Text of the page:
With less than a month to go to the second World Resources Forum (WRF), I’m taking a trip down memory lane to the inaugural WRF in 2009, where I was blogging as a Student Reporter.
While the environment itself was impressive to a student still immersed in classroom theories and game theory matrices, the feeling of change (or, forgive my use of British cultural terms, the ‘X Factor’) was missing from the air. The WRF succeeded as far as respectable international conferences go, but in terms of combatting the problems outline in the WRF 2011 Summary, it felt like progress was slow. A couple of changes that could combat this include:
1) Meaningful calls for action, or none at all: The Calls for Action 2009, while including nothing objectionable, added little to the debate other than summarising the general feeling in the sustainability field.
2) Walk the talk: students may be idealists, but it’s common sense that if you’re at conference about sustainable resource use, serving shrimps and plentiful meat doesn’t set the best example of optimal resource use. We had a promise on the blog last time that the food provided would change for the next Forum, so fingers crossed…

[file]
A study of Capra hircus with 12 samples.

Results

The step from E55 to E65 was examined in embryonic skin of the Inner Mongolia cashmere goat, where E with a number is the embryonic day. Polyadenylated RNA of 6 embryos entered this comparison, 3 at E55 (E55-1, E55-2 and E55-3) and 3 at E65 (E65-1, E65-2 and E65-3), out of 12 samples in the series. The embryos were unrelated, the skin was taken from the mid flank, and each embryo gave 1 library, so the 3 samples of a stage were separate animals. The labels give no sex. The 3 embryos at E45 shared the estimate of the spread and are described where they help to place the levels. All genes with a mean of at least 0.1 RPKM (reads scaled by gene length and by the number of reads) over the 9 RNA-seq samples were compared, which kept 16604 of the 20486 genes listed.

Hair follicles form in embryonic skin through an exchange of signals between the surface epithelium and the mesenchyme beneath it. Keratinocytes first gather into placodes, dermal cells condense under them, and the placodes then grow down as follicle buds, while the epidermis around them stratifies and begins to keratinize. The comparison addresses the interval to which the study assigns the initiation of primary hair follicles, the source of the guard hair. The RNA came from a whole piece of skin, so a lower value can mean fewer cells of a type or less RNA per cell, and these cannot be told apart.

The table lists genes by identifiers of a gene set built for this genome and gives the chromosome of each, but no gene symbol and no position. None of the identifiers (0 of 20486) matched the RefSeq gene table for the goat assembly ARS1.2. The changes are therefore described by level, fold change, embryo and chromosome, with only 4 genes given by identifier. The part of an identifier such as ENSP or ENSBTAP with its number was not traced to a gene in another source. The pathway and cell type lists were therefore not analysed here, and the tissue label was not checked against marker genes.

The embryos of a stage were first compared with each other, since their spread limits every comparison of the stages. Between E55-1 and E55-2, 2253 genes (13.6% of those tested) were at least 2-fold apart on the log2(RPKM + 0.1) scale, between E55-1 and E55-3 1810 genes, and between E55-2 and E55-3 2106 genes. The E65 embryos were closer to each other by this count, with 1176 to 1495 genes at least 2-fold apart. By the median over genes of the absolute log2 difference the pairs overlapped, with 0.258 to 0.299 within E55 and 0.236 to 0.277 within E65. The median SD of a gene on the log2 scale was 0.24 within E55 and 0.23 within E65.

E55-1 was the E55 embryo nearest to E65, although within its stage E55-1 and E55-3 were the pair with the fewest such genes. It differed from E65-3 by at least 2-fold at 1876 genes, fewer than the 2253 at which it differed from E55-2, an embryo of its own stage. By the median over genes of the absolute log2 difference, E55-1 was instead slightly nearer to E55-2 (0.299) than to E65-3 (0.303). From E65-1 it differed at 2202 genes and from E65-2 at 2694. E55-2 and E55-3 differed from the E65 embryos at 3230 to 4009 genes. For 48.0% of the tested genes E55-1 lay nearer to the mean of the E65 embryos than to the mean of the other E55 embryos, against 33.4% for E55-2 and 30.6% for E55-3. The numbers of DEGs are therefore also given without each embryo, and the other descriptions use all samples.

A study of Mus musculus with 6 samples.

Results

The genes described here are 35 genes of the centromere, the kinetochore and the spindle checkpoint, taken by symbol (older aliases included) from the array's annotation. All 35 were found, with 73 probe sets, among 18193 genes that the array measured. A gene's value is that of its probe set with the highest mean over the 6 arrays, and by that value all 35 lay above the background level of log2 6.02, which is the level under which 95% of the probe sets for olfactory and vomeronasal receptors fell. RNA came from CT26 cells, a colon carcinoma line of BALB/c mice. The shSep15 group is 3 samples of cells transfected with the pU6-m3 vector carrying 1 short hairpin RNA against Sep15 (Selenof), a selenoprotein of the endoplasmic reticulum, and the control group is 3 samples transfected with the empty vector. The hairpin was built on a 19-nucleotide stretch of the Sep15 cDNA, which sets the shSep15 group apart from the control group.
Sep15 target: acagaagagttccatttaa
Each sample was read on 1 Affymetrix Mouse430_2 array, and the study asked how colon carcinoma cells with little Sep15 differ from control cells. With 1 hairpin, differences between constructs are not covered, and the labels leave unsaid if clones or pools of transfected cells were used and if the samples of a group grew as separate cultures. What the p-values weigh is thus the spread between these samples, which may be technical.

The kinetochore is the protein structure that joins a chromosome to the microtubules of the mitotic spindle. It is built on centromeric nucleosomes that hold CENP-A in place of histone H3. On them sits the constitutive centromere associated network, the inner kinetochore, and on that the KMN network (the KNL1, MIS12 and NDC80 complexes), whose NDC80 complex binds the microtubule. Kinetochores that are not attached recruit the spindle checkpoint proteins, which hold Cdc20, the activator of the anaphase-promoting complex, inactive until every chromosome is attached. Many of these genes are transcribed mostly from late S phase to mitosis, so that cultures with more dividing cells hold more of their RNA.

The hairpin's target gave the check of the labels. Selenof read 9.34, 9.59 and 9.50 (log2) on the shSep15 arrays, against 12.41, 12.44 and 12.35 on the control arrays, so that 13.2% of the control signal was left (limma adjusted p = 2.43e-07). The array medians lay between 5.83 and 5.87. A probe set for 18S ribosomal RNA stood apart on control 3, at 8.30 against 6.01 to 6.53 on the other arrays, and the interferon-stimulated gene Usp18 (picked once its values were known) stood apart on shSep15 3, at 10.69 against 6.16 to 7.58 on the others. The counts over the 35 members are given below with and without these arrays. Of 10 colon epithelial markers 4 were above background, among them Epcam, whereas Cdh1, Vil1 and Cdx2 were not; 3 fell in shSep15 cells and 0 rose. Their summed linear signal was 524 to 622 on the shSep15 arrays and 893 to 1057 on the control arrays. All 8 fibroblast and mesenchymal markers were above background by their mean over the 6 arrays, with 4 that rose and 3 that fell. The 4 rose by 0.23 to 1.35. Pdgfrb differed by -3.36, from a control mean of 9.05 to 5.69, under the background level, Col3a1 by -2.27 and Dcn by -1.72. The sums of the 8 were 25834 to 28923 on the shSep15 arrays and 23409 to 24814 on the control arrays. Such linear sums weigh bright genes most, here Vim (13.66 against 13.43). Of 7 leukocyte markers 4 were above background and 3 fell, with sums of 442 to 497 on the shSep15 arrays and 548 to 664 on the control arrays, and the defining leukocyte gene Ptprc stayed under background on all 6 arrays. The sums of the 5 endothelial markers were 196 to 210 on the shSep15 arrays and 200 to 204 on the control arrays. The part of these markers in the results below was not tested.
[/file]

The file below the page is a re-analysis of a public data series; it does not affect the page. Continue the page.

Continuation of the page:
It is always going to be a problem for big meetings that it’s difficult to measure or prove the value of participants networking and sharing knowledge; all that the organisers can do is to craft the programme to increase the chances that meaningful interactions happen. In this respect, the new structure of concentrating on five clusters is a fantastic improvement from the WRF 2009 to 2011.
Networking in person is undoubtedly essential for to share knowledge and spread ideas, and it’s not often that the brightest minds in science-based sustainable development gather together, so grab your coffee and get learning!